Pros & Cons Of Fibreglass & Concrete
So, you’ve decided you’re ready to invest in a pool. The next step is figuring out what type of pool best suits your lifestyle, budget and tastes. As they are the two most popular styles of pool, below is a run through of the pros and cons of both fibreglass and concrete pools
Arguably the best thing about a fibreglass pool is that they are easy and quick to install, generally only taking a week or two. The gelcoat surface is not only visually appealing, it’s also simple to look after and makes it easier to control algae and bacteria growth as there are no nooks or crannys for it to breed in. If properly maintained, a fibreglass pool should also never have to be resurfaced in its lifetime. Because of the many engineering advancements, fibreglass has become a highly durable material and will not crack in unstable soil. Fibreglass is also noted to build up and retain heat much better than a concrete pool
- Quick to install – standard installation is a week or two
- Visually appealing surface
- Easy to look after – Gelcoat surface makes it easier to control algae and bacteria growth
- Require very little ongoing care – should not need to be resurfaced in their lifetime
- Retain heat better and heat up faster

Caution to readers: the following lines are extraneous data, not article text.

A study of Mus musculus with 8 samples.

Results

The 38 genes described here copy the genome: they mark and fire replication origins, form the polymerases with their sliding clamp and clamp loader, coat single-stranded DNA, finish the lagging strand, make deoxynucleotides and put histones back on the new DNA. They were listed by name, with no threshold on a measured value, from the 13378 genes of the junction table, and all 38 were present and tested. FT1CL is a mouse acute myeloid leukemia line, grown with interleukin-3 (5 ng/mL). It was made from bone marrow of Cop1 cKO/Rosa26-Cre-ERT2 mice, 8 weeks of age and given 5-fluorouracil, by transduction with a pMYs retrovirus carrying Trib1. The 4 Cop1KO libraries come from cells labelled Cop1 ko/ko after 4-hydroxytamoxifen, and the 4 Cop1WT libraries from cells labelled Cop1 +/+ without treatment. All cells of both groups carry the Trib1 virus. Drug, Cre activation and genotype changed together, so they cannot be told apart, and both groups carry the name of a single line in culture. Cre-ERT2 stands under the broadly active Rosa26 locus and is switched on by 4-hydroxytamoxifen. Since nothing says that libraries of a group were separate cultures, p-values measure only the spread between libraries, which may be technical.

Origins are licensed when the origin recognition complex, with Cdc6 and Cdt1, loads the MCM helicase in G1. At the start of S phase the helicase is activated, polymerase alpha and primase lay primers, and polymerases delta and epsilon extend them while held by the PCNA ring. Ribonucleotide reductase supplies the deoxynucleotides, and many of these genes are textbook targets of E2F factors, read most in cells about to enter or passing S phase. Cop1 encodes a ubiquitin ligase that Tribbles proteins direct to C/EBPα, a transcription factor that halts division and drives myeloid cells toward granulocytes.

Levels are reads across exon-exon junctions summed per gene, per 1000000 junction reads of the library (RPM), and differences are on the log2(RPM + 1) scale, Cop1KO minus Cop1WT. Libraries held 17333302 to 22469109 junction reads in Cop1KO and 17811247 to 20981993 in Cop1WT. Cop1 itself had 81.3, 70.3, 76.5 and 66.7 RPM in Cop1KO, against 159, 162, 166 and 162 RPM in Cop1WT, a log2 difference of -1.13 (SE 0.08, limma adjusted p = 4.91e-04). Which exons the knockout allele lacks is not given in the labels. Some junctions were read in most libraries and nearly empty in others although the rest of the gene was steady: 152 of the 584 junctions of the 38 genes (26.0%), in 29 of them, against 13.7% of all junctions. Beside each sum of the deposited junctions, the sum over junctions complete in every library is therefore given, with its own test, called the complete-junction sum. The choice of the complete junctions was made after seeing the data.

- Very durable building material – won’t crack in unstable soil
Really the only negative for a fibreglass pool is that you are severely limited when it comes to shape and size options. So, if you are someone who wants a fully customised feature pool, concrete might be the best option for you.
- Shape and size limitations
Obviously, the best thing about a concrete pool is the flexibility with design. If you have an eye for outdoor design, a concrete pool can be a stunning addition to your backyard.
- Flexibility with design – can customise
- Very attractive aesthetically
A concrete pool will take significantly longer to build and install than a fibreglass pool, sometimes several months of on-site work is required, and because of customisation options it can become very expensive. Concrete is a more porous material than fibreglass, giving algae and bacteria room to breed as well as being more susceptible to black algae. Because of its rough texture, it can cause scrapes and grazes and if the pool has not been maintained properly, the open wound could lead to a nasty infection. Concrete is also far more likely to crack and leak because of soil problems and requires much costlier ongoing maintenance with the pool needing to be reconditioned every 15 years or so. Most concrete pool owners also note that it takes a long time to build up heat and does not retain it for long.
- Take much longer to build – several months of on-site work
- Because of customisation options, can become very expensive
- Rough under foot, can cause scrapes and grazes
- Cost more to run – are more porous therefore giving algae and bacteria room to breed
- More susceptible to black algae
- Require costly ongoing maintenance – need to be reconditioned after fifteen years or so
- Cracks and leaks because of soil problems
- Colder than fibreglass
Now you have all the knowledge you need to decide which type of pool is right for you. Cozy’s Pool & Spa Care have years of experience cleaning and maintaining both concrete and fibreglass pools, so we can keep your pool spick and span all year round – reducing the chance of any large repair bills. Contact us today on 07 5631 9810 for an obligation free quote.